Time to get real. We all have dreams right? But sometimes those dreams, while being the thing that we look forward to, are also what we fear. Let's face it, dreams are scary. What would we actually do if our dreams came true?
You might be thinking, "I'd be thrilled!"
But if you keep procrastinating and putting off your dreams into the realm of someday; if you constantly find reasons not to begin, or talk yourself out of pursuing your real passions, you might just be a self-sabotager.
The truth is, we're often scared of our dreams, and in order to protect ourselves from that fear, we self-sabotage. It can manifest in different ways.
I recently realized what mine was. A few years back, I went to a self-improvement type seminar. The speaker was talking about the facades we put on for not just those around us, but for ourselves. They asked us to think of it in the form of a declaration, something we might say about ourselves, a phrase we use to define us. My phrase was, "I can do it myself." It came from a story I always remembered my mom telling me, about how I used to climb to the top of the juggle gym as a toddler, and yell at her, "I can do it myself!" if she ever tried to help me. I had a coach, who I talked to weekly and helped me dive deeper into some of these issues. She suggested that there was something more behind just wanting to do things myself, something more vulnerable. At the time, I didn't really get it, I think I said something like, "well, I guess I want to do things on my own because I don't want to burden anyone else." What a cop out! Do you see the hints of ego? The, "I'm so nice, I think about other people," of me still trying to look good even in my facade? I knew it wasn't authentic, but I couldn't pinpoint exactly what was, either.
The last few months, I've been in the crazy, life-altering world of making some of my dreams come true. Namely, I'm getting ready to self-publish my first children's book, a picture book about God and creation with an interfaith perspective, and from that, launching a publishing brand that can hopefully, eventually, help others do the same. Yikes, even writing that is spine tingling.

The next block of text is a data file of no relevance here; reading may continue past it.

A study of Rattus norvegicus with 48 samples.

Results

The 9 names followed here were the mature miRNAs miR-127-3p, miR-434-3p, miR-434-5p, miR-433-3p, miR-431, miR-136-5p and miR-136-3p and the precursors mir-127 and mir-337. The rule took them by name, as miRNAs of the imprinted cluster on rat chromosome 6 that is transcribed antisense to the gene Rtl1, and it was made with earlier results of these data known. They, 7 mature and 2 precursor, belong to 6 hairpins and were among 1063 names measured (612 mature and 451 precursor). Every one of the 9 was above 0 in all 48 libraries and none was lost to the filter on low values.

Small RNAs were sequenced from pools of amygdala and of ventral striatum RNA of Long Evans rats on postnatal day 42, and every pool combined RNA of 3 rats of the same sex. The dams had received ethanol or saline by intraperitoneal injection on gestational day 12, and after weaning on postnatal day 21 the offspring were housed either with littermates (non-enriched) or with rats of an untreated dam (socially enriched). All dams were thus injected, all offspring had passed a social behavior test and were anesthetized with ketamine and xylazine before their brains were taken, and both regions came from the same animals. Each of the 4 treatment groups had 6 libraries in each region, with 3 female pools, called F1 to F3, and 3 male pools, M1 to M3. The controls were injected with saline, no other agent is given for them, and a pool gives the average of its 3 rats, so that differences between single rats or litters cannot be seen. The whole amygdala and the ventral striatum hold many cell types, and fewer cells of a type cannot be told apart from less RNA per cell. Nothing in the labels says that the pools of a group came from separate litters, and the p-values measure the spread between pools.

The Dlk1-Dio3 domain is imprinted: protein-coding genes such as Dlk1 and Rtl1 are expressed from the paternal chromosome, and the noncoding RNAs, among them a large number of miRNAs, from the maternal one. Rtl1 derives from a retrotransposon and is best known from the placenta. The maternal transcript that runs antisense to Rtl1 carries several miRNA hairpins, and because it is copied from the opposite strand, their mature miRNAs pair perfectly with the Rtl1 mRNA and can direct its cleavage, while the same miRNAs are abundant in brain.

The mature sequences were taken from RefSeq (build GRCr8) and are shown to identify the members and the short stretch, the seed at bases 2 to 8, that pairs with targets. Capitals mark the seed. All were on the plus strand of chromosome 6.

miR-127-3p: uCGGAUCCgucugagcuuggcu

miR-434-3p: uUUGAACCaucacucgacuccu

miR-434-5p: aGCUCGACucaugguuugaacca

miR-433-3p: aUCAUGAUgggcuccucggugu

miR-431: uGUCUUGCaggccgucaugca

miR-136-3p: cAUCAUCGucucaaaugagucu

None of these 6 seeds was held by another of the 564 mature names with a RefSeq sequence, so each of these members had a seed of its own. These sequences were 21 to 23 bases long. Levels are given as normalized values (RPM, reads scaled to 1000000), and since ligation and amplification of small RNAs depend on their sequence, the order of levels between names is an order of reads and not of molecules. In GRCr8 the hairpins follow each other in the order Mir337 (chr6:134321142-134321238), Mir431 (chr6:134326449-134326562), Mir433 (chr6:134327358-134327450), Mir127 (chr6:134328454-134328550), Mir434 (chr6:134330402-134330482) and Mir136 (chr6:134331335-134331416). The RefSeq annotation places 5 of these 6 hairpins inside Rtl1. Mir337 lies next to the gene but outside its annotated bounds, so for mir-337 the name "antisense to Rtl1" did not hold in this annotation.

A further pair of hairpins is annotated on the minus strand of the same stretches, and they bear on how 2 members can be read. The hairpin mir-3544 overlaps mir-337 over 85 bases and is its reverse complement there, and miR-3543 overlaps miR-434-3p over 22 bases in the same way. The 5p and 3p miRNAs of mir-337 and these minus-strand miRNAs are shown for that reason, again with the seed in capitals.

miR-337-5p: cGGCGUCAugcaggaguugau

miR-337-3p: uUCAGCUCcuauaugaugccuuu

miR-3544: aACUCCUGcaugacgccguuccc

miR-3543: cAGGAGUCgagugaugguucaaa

I'm in the arena, as Brene Brown would say, and when you are busting your butt in the arena of dream chasing, you learn your lessons fast. I've always had fear and anxiety surrounding just talking about my dreams and aspirations, and what I realized is that it's not that I don't want to burden anyone, it's not that I'm a perfectionist and have to have everything my own way, it's:
"If I tell people about this and then it doesn't work out, THEY'LL ALL KNOW I'M A FAILURE"
Oh yes. When it punches you in the gut, you know it's real.
My name is Laurel, and I'm a self-sabotager. My favorite drugs are avoidance and procrastination. I hoard my dreams because I am afraid of failure and of what others will think of me.
How do you self-sabotage? (The first step is accepting you have a problem!)
play down your gifts to make others feel more comfortable?
obsess about meaningless details in order to avoid bigger, scarier problems?
try to please everyone for fear of rejection?
settle for less because of the fear of taking a risk?
The more we are able to recognize the ways in which we sabotage ourselves and the underlying reasons behind it, the easier it is to change our behavior. What's your self-sabotage method, and what is the fear that is driving it?
I'd love to hear your struggles with self-sabotage and how you overcome them. What's working for me at the moment, is singing this song to myself whenever the icky-feelings start to rise to the surface. If you didn't already have this song in your head while reading this post, now you do. You're welcome.